Manipur Violence: The Puzzling Demand for Scheduled Tribe Status

12 May 2023

Manipur continues to be engulfed in turmoil. The recent eruption of communal violence in the state caught everyone off guard with its unexpected intensity and scale. The immediate tigger for the violent clashes was a tribal solidarity rally held in all hill districts, jointly organized by the Nagas and Kukis, two tribal communities residing in the hills. The rally was a response to the proposed inclusion of the plains residing Meiteis in the Scheduled Tribes (ST) list. But what does ST status mean for the Meiteis, and will it meet their concerns?

The hill regions of Manipur enjoy significant autonomy granted by Article 371C of the Constitution. These provisions are akin to those of the Sixth Schedule that apply to tribal regions across all other north-eastern states. Under 371C, autonomous district councils regulate the protection of hill lands and impose restrictions on non-hill people in Manipur from residing in and acquiring property in these areas. 

These restrictions lie at the core of the ongoing conflict. The Meiteis argue that while the hill people have the freedom to acquire land in the plains, they themselves are prohibited from purchasing land in the hills. This situation confines the Meiteis to a relatively small area of the plains, which is susceptible to outsider influx and could significantly alter the demographic composition. The Meiteis believe that obtaining ST status would address their worries, but this demand faces fierce opposition from the hill communities, who are resolute in preventing the Meiteis from accessing their lands.

The role of Scheduled Tribe (ST) status in this conflict is puzzling. The implications of granting ST status to the Meiteis, as suggested by them and feared by the hill tribes, remain uncertain. It is unclear how granting ST status to the Meiteis would result in protection of plains from outsiders and the right of Meiteis to expand into the hills. According to the Constitution, the designation of a community as a Scheduled Tribe (or Scheduled Caste) enables them to benefit from affirmative action measures such as reservations in legislatures and education to remove their social and economic backwardness. ST status does not imply that the land in which the community resides shall be autonomously governed by the community or be protected.  That would require provisions similar to the Sixth Schedule or the Article 371-C.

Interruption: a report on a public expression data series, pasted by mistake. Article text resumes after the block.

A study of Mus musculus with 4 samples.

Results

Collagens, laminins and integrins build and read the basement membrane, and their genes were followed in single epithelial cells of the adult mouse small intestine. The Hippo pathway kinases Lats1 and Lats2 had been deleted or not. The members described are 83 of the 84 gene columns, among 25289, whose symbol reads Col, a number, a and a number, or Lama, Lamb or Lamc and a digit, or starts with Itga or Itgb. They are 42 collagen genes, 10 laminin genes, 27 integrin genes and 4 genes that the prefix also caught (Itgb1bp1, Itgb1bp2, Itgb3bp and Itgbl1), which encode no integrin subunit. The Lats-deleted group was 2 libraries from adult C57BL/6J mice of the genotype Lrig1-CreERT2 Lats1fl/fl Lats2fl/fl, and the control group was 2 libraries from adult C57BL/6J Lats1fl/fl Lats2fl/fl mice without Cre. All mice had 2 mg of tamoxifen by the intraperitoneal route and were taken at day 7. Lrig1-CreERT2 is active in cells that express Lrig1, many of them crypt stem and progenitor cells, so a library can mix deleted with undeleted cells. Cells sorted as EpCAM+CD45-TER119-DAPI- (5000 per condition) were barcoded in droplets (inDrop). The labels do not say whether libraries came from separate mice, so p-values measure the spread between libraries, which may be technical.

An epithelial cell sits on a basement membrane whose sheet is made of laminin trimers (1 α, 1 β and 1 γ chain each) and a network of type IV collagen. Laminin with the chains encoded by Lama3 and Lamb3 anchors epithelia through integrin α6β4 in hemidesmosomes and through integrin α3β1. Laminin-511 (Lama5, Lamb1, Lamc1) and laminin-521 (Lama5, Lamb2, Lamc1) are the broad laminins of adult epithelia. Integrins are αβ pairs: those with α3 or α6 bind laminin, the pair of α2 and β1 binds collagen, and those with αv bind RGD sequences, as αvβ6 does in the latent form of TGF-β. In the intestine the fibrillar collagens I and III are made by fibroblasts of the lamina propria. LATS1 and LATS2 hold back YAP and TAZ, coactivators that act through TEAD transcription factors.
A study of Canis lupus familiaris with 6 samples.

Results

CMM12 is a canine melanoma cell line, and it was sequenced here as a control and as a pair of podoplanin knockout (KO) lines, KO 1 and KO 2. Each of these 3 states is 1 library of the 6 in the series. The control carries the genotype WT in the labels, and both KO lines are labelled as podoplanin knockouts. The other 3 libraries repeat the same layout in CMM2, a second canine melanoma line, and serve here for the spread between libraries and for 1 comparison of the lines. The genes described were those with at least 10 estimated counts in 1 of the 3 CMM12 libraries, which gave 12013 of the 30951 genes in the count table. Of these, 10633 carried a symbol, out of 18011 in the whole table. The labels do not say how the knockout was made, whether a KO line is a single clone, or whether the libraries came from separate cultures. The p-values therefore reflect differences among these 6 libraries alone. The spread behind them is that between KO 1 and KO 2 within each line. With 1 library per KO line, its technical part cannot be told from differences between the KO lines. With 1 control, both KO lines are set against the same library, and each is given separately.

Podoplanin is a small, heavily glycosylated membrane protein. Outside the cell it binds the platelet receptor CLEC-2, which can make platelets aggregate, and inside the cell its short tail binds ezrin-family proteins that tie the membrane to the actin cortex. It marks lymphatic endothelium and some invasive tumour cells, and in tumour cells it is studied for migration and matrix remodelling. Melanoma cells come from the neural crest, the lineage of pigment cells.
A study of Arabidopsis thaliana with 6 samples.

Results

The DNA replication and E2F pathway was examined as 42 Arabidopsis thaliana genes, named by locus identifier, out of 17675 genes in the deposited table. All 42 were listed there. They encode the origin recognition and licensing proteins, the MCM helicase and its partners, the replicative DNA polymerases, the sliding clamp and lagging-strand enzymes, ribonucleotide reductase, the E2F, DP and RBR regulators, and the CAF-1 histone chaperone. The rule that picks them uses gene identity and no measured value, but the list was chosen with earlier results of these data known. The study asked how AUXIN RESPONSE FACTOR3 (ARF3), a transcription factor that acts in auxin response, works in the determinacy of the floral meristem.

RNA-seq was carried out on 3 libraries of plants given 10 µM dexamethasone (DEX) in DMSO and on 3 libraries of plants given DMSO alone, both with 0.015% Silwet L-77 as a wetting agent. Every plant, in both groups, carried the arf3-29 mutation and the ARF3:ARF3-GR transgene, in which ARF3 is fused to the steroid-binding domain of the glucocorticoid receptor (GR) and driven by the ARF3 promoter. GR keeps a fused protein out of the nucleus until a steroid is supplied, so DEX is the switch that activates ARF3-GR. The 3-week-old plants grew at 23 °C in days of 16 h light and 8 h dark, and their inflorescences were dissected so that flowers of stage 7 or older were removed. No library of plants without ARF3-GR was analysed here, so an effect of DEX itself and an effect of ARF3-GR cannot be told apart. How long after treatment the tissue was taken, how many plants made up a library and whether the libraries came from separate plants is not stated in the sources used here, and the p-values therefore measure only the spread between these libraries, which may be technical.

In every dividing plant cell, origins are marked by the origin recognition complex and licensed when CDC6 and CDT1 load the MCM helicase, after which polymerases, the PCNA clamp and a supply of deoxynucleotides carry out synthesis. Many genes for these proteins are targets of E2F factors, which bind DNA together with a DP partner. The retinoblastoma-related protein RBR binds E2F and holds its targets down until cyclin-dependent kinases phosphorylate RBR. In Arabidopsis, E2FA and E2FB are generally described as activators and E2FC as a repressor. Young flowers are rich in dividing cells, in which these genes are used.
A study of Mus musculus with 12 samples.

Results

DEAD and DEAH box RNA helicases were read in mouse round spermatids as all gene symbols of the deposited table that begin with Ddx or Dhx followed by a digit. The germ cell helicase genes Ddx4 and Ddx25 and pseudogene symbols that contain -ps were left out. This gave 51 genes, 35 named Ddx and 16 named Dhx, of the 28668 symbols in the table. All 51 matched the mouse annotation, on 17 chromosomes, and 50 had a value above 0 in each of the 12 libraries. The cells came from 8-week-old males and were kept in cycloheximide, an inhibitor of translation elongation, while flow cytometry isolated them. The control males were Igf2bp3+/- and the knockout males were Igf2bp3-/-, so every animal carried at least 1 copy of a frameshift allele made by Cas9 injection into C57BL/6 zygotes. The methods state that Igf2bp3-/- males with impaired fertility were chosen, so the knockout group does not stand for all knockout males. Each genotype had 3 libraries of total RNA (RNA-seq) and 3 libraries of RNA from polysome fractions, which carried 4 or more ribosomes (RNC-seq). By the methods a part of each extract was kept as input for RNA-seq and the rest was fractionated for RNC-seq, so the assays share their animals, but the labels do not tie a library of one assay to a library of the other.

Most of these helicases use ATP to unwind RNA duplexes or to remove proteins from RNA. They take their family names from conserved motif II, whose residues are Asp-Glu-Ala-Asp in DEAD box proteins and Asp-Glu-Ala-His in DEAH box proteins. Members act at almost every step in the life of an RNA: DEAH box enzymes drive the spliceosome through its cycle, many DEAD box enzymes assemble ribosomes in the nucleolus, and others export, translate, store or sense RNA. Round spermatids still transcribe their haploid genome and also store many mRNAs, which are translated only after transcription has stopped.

Senapati district located in the hills of Manipur

Historically, special provisions for Manipur were primarily seen as necessary only for the tribal hill regions, aiming to safeguard their land, culture, and promote their social and economic empowerment. This is evident in the 1947 Manipur State Constitution Act, which governed an (briefly) independent Manipur. The Act granted greater administrative autonomy to the hill regions through the Manipur State Hill (Administration) Regulation 1947. It emphasised the responsibility of Manipur’s state legislature to ensure the welfare and effective administration of the hill communities, with necessary funding allocated for this purpose. The communities residing in the plains were not regarded in the same manner under these provisions.

It is plausible that contemporary political and social dynamics have changed, and the Meiteis residing in the plains may indeed have legitimate anxieties. However, granting Scheduled Tribe (ST) status to the Meiteis will not address their core concerns about land. It could instead potentially create a complex web of constitutional and legal confusion and further violence.

B.R. Ambedkar‘s response to Constituent Assembly members who felt that special protections for tribal regions would isolate them, speaks to the Manipur situation. He said that these areas are,

“…given certain autonomy for certain purposes and at the same time they have been bound together in the life of the province and in the life of the country as a whole. If these circumstances which are of a unifying character, do not bind, do not bring the tribal people with the rest of the plains people…then the cause for such an unfortunate event must be found in something else..”

Clearly, special protections for tribals in Manipur  have not brought the ‘tribal people with the rest of the plains people‘. Ambedkar’s further suggests that this failure cannot be solely attributed to the special protections. Instead, he hints that there are might underlying factors at play, indicating that constitutional and legal design alone may not be sufficient to effectively address such issues.